Some mask wearers were found to have up to 40 percent higher incidence of infection, contradicting earlier studies and opposing the narrative of mask mandates.
Among individuals who “never or almost never” wore masks, 8.6 percent tested positive. That rose to 15 percent among participants who “sometimes” used masks, and to 15.1 percent among those who “almost always or always” wore them.
Adjusting for factors such as vaccination status, the study determined that individuals who sometimes or often wore masks had a 33 percent higher incidence of COVID-19, compared to those who never or almost never wore masks. This jumped to 40 percent among people who almost always or always wore them.
However, adjusting for “differences in baseline risk over time,” the risk of wearing masks turned out to be “less pronounced,” with only a 4 percent higher incidence of infection among mask-wearers.
“The results contradict earlier randomized and non-randomized studies of the effectiveness of mask-wearing on the risk of infection,” the researchers wrote.
“Most of these studies reported that wearing a face mask reduces the risk of COVID-19 infection. Some observational studies have reported manyfold reductions while one community-based randomized trial failed to demonstrate a statistically significant reduction in infection risk and one cluster randomized community trial found only a modest reduction.”
The researchers pointed out a major limitation of their study: Individuals who used masks may have done so to protect others from their own infection. This could explain the “positive association between risk of infection and mask usage.”
Behavioral differences and the fact that the survey was based on self-reporting could also contribute to bias, it stated.
There’s also a possibility that mask wearers felt safe while wearing masks and thus didn’t follow other regulations such as social distancing, which raised their risk of contracting COVID-19, the study said.
“Our findings suggest that wearing a face mask may be associated with an increased risk of infection. However, it is important to note that this association may be due to unobservable and non-adjustable differences between those wearing and not wearing a mask,” the researchers stated.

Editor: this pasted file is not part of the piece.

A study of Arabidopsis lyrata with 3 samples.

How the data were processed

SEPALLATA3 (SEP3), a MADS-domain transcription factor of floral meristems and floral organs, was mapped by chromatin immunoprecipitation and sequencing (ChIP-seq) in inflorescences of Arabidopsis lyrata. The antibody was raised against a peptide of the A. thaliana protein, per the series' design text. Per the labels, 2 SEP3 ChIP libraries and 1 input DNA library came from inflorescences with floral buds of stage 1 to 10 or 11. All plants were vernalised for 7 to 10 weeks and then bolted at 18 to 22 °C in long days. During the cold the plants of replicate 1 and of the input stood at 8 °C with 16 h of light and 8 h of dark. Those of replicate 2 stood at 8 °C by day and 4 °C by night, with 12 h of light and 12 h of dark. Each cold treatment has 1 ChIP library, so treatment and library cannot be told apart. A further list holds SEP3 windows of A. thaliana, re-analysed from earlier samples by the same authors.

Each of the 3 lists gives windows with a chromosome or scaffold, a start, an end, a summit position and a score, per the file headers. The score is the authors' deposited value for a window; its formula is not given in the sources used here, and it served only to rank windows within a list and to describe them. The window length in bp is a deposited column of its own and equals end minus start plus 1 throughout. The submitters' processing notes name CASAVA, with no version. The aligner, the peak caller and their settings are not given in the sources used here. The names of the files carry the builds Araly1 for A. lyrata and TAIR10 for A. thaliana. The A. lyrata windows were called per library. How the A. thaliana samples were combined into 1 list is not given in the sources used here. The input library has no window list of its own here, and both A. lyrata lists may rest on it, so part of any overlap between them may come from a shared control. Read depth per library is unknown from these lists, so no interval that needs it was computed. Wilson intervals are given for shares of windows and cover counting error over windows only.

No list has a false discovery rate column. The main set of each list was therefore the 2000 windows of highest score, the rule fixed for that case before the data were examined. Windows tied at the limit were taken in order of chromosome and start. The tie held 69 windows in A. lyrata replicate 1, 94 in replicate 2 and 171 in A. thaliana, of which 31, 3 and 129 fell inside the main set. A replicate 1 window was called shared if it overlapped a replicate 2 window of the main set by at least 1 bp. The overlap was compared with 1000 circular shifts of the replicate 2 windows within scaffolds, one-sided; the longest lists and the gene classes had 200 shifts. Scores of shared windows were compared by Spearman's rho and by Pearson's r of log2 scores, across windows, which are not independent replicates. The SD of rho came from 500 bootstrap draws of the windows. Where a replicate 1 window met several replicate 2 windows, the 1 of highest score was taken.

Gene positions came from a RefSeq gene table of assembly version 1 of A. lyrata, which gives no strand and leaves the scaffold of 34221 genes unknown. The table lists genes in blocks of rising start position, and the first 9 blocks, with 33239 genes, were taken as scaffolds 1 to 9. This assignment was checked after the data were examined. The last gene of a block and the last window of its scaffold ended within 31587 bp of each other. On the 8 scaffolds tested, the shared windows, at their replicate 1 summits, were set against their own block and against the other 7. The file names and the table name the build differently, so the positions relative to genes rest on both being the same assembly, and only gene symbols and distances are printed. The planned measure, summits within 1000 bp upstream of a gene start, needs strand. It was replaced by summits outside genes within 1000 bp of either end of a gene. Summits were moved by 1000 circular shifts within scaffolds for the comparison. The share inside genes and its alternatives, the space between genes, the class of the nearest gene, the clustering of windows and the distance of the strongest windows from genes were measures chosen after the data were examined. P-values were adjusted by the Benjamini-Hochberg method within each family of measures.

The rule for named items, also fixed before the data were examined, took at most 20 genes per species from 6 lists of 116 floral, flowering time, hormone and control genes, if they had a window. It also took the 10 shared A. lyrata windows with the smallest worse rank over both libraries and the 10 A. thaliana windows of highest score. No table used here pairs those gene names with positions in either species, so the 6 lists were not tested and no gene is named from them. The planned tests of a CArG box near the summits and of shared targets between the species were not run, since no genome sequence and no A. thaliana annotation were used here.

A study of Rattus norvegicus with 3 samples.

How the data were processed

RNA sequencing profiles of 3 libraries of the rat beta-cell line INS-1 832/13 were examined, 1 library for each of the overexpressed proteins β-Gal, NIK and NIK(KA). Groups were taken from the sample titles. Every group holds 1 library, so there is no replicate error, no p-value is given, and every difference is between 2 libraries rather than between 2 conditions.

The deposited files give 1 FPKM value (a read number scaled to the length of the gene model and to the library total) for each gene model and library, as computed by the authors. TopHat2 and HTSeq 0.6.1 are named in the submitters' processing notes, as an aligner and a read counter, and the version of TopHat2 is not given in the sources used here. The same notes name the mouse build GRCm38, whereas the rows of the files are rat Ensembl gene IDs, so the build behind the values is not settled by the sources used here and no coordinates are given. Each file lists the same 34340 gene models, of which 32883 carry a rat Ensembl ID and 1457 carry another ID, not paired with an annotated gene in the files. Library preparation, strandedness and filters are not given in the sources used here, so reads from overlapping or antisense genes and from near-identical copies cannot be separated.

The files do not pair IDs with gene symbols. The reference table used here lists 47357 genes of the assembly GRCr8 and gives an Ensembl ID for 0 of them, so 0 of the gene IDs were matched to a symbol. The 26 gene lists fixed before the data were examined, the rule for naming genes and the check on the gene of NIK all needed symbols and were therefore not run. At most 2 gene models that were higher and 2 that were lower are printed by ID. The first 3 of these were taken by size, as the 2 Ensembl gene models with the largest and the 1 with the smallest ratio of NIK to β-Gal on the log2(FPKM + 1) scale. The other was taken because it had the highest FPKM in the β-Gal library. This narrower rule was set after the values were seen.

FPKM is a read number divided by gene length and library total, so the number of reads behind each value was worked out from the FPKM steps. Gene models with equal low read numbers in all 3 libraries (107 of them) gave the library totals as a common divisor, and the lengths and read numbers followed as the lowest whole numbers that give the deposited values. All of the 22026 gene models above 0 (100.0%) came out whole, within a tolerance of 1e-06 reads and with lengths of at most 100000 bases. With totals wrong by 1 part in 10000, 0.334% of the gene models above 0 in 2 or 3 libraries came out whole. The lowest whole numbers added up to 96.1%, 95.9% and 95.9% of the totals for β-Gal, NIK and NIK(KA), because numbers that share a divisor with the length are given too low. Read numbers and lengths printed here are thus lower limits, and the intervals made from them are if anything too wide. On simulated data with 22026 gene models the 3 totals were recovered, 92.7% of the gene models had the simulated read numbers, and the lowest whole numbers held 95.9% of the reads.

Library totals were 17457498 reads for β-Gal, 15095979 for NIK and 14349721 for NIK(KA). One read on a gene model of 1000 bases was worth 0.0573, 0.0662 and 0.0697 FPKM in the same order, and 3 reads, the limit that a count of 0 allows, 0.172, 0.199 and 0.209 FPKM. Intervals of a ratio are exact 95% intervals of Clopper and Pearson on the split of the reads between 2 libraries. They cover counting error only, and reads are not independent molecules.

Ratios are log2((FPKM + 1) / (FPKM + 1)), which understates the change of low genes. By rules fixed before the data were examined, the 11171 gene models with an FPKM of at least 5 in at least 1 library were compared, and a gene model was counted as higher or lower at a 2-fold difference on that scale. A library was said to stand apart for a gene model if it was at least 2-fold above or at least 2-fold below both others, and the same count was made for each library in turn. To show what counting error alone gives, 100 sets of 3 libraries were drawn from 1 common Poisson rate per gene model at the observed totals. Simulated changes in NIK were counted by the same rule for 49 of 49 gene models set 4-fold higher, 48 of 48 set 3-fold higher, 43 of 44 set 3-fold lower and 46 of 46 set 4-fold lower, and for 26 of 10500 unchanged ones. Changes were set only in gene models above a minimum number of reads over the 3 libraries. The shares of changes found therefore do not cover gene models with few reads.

“Therefore, caution is imperative when interpreting the results from this and other observational studies on the relationship between mask-wearing and infection risk. Recommendations to wear face masks in the community are largely informed by low certainty evidence from observational studies.”
Researchers called for more trials and studies to gain a better understanding of the effectiveness of wearing masks against transmission of respiratory pathogens.
The new study comes at a time when some regions in North America are reinstating mask mandates amid a reported increase in COVID-19 cases.
In the state of California, San Francisco, Alameda, Santa Clara, San Mateo, Marin, Contra Costa, Napa, Sonoma, and Solano issued masking mandates, with the rules remaining in effect until next March or April.
While in some places only staff and workers of a health care facility are required to wear masks, others require patients and visitors to wear masks as well.
A month earlier, school officials with the Kinterbish Junior High School in Cuba, Alabama, asked students, employees, and visitors to wear masks “due to the slow rise of COVID cases in the area.”
Florida Surgeon General Joseph Ladapo highlighted the issue of the ineffectiveness of masking policies.
“What do you call re-imposing mask policies that have been proven ineffective or restarting lockdowns that are known to cause harm? You don’t call it sanity,” he said in a post on X. “These terrible policies only work with your cooperation. How about refusing to participate.”